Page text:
Inside STUPID FUCKING BIRD Part Two: That Lightbulb Moment Inside STUPID FUCKING BIRD Part Two: That Lightbulb Moment
Now, like Connie, I’m usually the first to roll his eyes at attempts to make plays “accessible,” but I have to admit that Posner... Inside STUPID FUCKING BIRD Part Two: That Lightbulb Moment

Pictured: The cast of STUPID FUCKING BIRD. Photo by Cynthia Levin.

In this 3-part series, PerformInk takes you inside Unicorn Theatre’s production of STUPID FUCKING BIRD through blog posts written by the people behind the scenes. To read past “Inside” articles click here.


By Dramaturg Calan Welder

We’ve all heard complaints about Chekhov’s plays being nothing more than a handful of characters wallowing in self-pity and existential angst. The tired complaints that The Seagull is a story of people with no real problems. I get it, I really do. I’ve always loved Chekhov and his plays, but like so many others, I feel that there’s something missing. Whether it’s in the staging or in the interpretations, or even the cultural boundaries that distance us from nineteenth-century Russian nuance, something is lost in translation. For me, working through the script and watching actors make discoveries opened my eyes to the ways STUPID FUCKING BIRD tears down those walls to reveal the heart of the story.

Now, like Connie, I’m usually the first to roll his eyes at attempts to make plays “accessible,” but I have to admit that Posner has done something magical with his play. What I began to realize in rehearsals, and what was made abundantly clear in performance, was that these characters are real people doing what real people do. All Posner did to open my eyes to that simple fact was to take Chekhov’s people out of their historical context and give them a language I could relate to, a language that’s distinctly twenty-first century American. Here were seven contemporary actors, playing contemporary characters, in a contemporary setting. And suddenly the classic became real and tangible to me. That lightbulb moment showed me what it is that has always attracted me to Chekhov’s plays.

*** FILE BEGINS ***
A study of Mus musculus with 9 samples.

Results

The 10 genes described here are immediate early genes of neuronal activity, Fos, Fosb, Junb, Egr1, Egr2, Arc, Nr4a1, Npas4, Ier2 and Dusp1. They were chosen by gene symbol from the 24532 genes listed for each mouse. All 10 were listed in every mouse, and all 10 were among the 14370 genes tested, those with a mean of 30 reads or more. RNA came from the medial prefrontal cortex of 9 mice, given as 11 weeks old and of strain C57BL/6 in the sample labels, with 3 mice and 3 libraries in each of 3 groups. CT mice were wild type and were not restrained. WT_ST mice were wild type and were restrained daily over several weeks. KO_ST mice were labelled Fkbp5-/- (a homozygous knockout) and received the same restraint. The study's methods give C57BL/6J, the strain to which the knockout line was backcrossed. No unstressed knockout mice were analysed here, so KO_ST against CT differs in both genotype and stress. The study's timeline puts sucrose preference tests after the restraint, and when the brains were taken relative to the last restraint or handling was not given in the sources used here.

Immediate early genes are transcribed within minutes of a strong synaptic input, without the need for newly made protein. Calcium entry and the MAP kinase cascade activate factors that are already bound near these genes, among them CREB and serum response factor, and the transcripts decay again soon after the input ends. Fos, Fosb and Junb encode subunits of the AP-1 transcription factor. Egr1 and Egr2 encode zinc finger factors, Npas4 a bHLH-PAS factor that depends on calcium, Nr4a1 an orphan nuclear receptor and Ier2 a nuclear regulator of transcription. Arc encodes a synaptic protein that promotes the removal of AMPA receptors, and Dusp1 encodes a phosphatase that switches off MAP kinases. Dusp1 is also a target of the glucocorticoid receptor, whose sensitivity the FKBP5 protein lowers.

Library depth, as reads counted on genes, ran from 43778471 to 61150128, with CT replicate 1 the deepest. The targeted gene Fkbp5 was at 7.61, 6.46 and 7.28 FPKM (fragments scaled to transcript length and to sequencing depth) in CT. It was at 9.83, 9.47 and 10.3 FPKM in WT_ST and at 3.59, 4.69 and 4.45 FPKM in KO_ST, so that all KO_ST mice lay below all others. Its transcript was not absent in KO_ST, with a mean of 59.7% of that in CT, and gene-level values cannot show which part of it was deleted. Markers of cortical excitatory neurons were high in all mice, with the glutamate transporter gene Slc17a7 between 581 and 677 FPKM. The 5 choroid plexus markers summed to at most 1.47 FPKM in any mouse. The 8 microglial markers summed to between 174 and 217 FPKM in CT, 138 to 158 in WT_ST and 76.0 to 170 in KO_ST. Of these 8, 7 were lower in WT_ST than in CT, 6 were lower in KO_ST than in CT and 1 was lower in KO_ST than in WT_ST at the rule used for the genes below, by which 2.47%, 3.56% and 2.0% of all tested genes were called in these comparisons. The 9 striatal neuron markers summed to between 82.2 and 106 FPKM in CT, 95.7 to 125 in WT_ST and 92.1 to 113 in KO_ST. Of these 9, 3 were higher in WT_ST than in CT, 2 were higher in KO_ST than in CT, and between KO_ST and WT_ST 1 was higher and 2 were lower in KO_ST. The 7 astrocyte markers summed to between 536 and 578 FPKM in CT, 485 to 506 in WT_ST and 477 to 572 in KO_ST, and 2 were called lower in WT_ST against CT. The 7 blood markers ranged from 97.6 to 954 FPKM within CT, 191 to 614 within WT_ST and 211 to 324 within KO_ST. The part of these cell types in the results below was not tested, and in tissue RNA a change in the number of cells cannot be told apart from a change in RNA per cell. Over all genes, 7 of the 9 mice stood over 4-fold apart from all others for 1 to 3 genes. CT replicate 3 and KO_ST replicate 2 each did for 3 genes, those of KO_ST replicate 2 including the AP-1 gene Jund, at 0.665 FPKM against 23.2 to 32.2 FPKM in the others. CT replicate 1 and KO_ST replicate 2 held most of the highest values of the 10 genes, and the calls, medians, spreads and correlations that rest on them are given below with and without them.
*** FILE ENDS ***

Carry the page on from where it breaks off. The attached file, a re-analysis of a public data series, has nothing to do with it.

I first fell in love with STUPID FUCKING BIRD when I managed an undergraduate production while I was in college. The script was gritty; it was clever. It was sardonic and callous in all the right ways. So when I was offered the dramaturg’s position for the Unicorn Theatre’s production, I couldn’t say “no” to the opportunity to uncover what makes the play tick.

With a story so chock-full of despair, and love, and angst, and loss, it’s hard to pin down any one theme or message. But if I were made to choose, I’d say the play is about people trying to find somewhere they belong. What makes trouble for them is their unwillingness to settle for anything less than their highest expectations. Of course, this all sounds like the perfect Holiday family drama, right? But don’t be fooled. As dark as it may sound, it’s truly a touching drama that’s sure to warm your heart with love and laughter and a heavy dose of joyful sorrow.


STUPID FUCKING BIRD runs through December 23rd. For more information visit unicorntheatre.org.